Page 2 of 3
- Image Provided
- Mae Gallagher prepares crafts for the Hudson Valley Sudbury School’s craft sale.
Gardner's work also finds a natural home at the Birch School in Rock Tavern, an innovative program of the Watershed Learning Center that has evolved from its founder's work with children in settings such as summer camp and homeschooler support. "Birch teachers and mentors create learning experiences that are engaging for different kinds of intelligences," says co-director Kate Fox. "Students try out their skills and discover which learning experiences work best for them. Students choose modalities that they have an affinity for. Information can be gathered for authentic assessment and used to inform further learning processes as the student progresses. They encourage students to reflect on their learning process and help students learn to identify what they are good at."
What that looks like on the ground at Birch is, among other things, "a "Quarterly Student Showcase." "This provides an opportunity for students to display their learning in a variety of ways beyond paper," says Fox. "Student projects, videos, computer programs, sewing projects, posters, experiments, art projects, poetry, music, speeches, PowerPoint presentations, and more are all displayed for the school community to see. Showcase submissions in many modalities allow students to display their skills in the ways they are best at. At any given hour in a school day, some students are working in workbooks and journals, others are using online computer simulations. A group of students does multiplication practice and receives direct instruction in the lab. Some students use the listening center to hear lessons. Others are watching online video lessons. Small groups are playing math games. A student is playing an online drill program in the form of a video game. All Birch School students get plenty of outdoor time, and some students spend even more time outdoors, exploring science through nature study and exploration. Building, programming, robots, creating things, experimental archeology, and inventions are encouraged."
Providing Diverse Options for Learning
Oakwood Friends School in Poughkeepsie is another place where Gardner's understanding is put to considerable use. "We teach to multiple intelligences in grades 6 through 12 all the time," says Anna Bertucci, Oakwood's upper school head and assistant head for academics and student life. "First of all, our emphasis on meaningful teacher-student interactions makes it possible to employ multiple strategies in the classroom. We know our students well and can give individual attention in our small classes. This means we know we have to create different educational experiences for different learners. We also help students to get to know themselves as learners. Creating opportunities for learning through experience and helping individuals create their own meaning is at the heart of Friends education.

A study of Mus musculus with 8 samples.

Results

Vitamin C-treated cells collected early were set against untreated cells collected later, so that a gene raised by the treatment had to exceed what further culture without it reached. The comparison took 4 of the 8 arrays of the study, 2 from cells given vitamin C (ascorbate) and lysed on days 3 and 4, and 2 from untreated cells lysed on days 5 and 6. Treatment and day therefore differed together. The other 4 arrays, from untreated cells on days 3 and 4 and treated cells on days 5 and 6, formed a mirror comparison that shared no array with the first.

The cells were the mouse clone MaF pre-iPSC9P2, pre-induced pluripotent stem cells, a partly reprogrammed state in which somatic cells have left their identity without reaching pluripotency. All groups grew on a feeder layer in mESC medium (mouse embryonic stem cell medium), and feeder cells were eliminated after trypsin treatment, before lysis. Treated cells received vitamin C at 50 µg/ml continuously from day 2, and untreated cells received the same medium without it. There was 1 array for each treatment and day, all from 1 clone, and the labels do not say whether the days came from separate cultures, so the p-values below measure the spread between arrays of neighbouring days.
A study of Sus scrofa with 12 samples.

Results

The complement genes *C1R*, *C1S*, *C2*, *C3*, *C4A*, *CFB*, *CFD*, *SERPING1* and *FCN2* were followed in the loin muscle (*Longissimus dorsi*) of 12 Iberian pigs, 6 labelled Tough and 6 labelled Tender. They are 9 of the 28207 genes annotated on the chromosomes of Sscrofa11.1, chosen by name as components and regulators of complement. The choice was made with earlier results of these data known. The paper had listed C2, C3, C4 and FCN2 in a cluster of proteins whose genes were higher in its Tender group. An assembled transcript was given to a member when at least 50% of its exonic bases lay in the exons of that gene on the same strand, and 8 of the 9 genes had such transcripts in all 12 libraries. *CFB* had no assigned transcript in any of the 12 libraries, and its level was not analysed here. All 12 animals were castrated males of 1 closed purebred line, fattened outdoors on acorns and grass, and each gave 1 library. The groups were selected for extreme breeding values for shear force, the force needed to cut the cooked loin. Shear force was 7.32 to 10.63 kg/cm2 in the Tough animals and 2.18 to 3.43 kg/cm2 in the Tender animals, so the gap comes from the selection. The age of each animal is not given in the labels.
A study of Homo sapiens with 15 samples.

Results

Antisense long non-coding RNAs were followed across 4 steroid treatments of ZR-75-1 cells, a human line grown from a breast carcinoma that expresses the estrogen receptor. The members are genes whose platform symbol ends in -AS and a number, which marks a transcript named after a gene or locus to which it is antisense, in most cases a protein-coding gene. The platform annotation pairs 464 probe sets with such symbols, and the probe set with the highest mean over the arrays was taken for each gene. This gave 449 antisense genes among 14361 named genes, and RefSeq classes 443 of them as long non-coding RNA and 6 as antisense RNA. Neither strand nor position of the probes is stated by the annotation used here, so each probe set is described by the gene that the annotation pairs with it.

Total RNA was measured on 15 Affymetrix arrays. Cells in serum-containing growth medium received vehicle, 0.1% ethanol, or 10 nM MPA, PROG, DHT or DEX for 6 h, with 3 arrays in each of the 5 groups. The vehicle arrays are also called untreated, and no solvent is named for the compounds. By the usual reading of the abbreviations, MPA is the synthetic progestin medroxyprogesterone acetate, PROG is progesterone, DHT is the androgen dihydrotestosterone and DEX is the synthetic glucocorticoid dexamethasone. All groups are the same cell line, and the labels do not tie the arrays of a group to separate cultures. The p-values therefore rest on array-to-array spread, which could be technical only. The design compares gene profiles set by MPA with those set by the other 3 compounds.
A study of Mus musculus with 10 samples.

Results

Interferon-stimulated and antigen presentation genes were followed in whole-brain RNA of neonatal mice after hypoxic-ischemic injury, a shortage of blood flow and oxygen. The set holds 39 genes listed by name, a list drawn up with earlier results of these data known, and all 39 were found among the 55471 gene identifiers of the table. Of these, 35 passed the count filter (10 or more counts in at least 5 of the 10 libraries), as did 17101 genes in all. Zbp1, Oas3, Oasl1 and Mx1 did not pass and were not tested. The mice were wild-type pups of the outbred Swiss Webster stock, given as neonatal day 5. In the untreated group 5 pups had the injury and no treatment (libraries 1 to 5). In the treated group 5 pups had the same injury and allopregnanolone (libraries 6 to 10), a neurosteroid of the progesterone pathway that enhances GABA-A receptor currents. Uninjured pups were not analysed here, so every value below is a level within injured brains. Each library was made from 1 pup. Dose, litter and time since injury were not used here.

"Also, as an independent school we have the freedom to design dynamic classes and curriculum. We not only present material through different modalities, we also assess students through a variety of means. For example, a student who is a kinesthetic learner might act out an important scene from history rather than demonstrate her knowledge in a multiple-choice test format. And with a 66-acre campus, we are able to get out of the classroom often. Students also can choose independent study options that really speak to their areas of strength."
Bertucci makes an important point about the freedom experienced by independent schools—not least, freedom from standardized assessments and imposed curricula. But many public educators are also cognizant of Gardner's work and strive to implement it. New Paltz School District Superintendent Maria Rice is a strong Gardner fan, referencing his Five Minds for the Future extensively in a recent communiqué to district stakeholders. "Success will not derive from the archaic demands of federal and state mandates which still require us to teach and test for the past, for the Industrial Age," she says. "Schools have been forced into being tethered to a skills-based, test-driven educational process that extols the mastery of facts and formula rather than encouraging thinking and creativity." In New Paltz, she states firmly, the goal is to facilitate students in becoming world citizens by whatever means necessary.
So if educators universally comprehend this, why the disconnect between common wisdom and what many see as onerous top-down assessment-driven climate? Indeed, search "multiple intelligence" on the New York State Education website and you'll find absolutely nothing. GBRSS's Greene has an inkling: "I believe that public educators are approaching the same values with a different toolbox," he says. "And at the moment there is a disconnect between capitalism and democracy that's impairing that."